If Israel had a serious finance minister and a courageous prime minister, they would convene the cabinet this very day and present a new economic plan in light of the unfolding Greek tragedy.
Yes, our situation is better than Greece’s and our budget deficit is smaller, but that doesn’t mean we’re out of the woods yet, that trouble might not be brewing on the horizon. There are many dangers ahead, some of which even Greece hasn’t known.
The story in Greece began years ago, as reckless governments drafted irresponsible budgets characterized by a remarkable aptitude for increasing spending. Each government strove to outdo its predecessor over who would grant workers bonuses equal to two months’ pay, or who would let them retire at 55. Since tax collection was lower than it should have been, government deficits ballooned, the public sector swelled to monstrous proportions and the private sector buckled under the load.
Take, for example, Greece’s current prime minister, George Papandreou, who won last year’s national election on a populist platform, promising bigger budgets, higher salaries and more generous unemployment benefits − all during the most serious economic crisis the world has seen in 80 years.
As the global economy caved, Greece entered a recession and tax revenues dropped. The deficit rose to 14 percent of GDP, and the national debt soared to a frightening 120 percent of GDP, or 300 million euros.
Then came the moment of truth, when no international creditor would lend Greece any more money, for fear that the country simply wouldn’t be able to return it. Imagine a family whose income was NIS 10,000 a month, but behaved as if it were making NIS 12,000. At first the bank might lend it the difference, but as its debt kept growing, one day the banker would cut it off. The family would, of course, find itself in a financial crisis, have to cut spending, simplify its lifestyle and start living in reality rather than fantasy.
The scene is sadder still in Greece, because a country’s economy functions differently than a household’s budget. The moment spending is cut, the recession will deepen, tax revenues will drop further and the budget deficit will increase even more. More cuts will then be required, deepening the recession further in an increasingly vicious cycle.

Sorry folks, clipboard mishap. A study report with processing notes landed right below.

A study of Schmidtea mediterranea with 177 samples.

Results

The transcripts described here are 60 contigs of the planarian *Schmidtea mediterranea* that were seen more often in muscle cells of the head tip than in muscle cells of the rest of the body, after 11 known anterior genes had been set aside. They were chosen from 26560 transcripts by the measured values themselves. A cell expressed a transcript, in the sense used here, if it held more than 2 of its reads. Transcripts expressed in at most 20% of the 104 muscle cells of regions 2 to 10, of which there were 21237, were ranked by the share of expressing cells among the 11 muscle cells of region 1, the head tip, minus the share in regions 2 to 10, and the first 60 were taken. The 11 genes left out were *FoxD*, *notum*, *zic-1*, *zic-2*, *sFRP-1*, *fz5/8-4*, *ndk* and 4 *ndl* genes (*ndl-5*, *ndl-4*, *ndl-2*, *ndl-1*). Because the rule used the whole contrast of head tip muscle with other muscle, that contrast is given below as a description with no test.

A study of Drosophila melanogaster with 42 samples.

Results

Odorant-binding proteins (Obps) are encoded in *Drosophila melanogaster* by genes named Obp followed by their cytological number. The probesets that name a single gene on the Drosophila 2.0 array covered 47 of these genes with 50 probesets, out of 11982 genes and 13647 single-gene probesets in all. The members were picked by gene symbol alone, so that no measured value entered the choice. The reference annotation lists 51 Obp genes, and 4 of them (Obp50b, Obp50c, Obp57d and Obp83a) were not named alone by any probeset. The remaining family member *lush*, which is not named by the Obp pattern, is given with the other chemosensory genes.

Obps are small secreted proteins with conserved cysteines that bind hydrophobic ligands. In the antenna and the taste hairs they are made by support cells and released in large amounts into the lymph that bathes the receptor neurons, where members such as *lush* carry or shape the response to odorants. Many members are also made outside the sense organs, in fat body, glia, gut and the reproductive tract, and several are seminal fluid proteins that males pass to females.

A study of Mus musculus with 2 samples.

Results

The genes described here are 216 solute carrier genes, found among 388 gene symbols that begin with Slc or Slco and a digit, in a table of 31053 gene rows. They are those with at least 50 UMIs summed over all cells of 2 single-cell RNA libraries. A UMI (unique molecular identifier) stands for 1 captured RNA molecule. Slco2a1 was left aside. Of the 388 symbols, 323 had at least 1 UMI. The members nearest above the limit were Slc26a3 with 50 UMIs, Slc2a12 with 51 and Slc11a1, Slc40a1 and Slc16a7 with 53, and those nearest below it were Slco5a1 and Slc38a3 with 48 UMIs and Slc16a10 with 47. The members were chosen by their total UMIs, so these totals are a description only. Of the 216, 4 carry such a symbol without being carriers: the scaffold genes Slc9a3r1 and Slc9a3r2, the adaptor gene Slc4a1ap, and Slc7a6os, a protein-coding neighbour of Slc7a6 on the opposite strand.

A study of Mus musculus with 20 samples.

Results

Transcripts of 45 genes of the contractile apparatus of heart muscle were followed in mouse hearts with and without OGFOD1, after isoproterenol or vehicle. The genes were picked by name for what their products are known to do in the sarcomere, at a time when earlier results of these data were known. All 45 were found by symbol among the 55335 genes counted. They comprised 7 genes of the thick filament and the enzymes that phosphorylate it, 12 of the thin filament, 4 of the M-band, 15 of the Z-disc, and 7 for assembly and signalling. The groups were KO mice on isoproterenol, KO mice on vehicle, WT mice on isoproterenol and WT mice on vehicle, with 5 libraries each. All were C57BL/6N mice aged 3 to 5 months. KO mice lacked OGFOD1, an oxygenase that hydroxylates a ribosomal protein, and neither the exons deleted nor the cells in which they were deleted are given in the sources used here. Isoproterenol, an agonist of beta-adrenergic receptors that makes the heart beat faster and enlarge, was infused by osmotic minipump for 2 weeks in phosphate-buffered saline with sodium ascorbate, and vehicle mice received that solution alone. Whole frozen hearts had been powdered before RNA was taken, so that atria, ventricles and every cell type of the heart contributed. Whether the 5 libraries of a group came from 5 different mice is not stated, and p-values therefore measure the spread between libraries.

Worse, given that it is part of the euro zone, Greece has no monetary policy tools at its disposal − it can neither reduce interest rates nor increase the money supply, both tools to spur the economy, because these are the realm of the European Central Bank.
The primary conclusion from Greece’s experience is that we in Israel must not let ourselves fall victim to a similar catastrophe. Israel is vulnerable to all manner of regional crises − another intifada could paralyze the economy and reduce tax revenues, while war with Syria or Iran would demand that the security budget be significantly bolstered.
Finance Minister Yuval Steinitz and Prime Minister Benjamin Netanyahu must take preventative steps and slice the public debt. They must convene the cabinet and explain to the ministers that the global situation has changed, that the danger of a domestic crisis has risen. They must explain that Israel’s debt − 80 percent of GDP − is too large. Portugal, for example, has a debt of 85 percent and is in poor shape. They must make clear that government spending cannot rise by 2.6 percent next year as planned, and that an annual deficit of 3 to 4 percent of GDP is too much. The budget must grow by no more than 1 percent annually, and the deficit must be zero. All of this requires an entirely new economic plan.
Naturally, this will not be popular. Social-welfare organizations will cry foul, as will certain Knesset members. We will not be able to siphon off NIS 1 billion to Shas or raise public-sector salaries, and ministry budgets including that of the Defense Ministry will have to be decreased.
These cuts may hurt a little, but no more than an inoculation does. Even Steinitz and Netanyahu have to admit that it’s better to experience a slight, passing sting than a life-threatening illness a la Greece.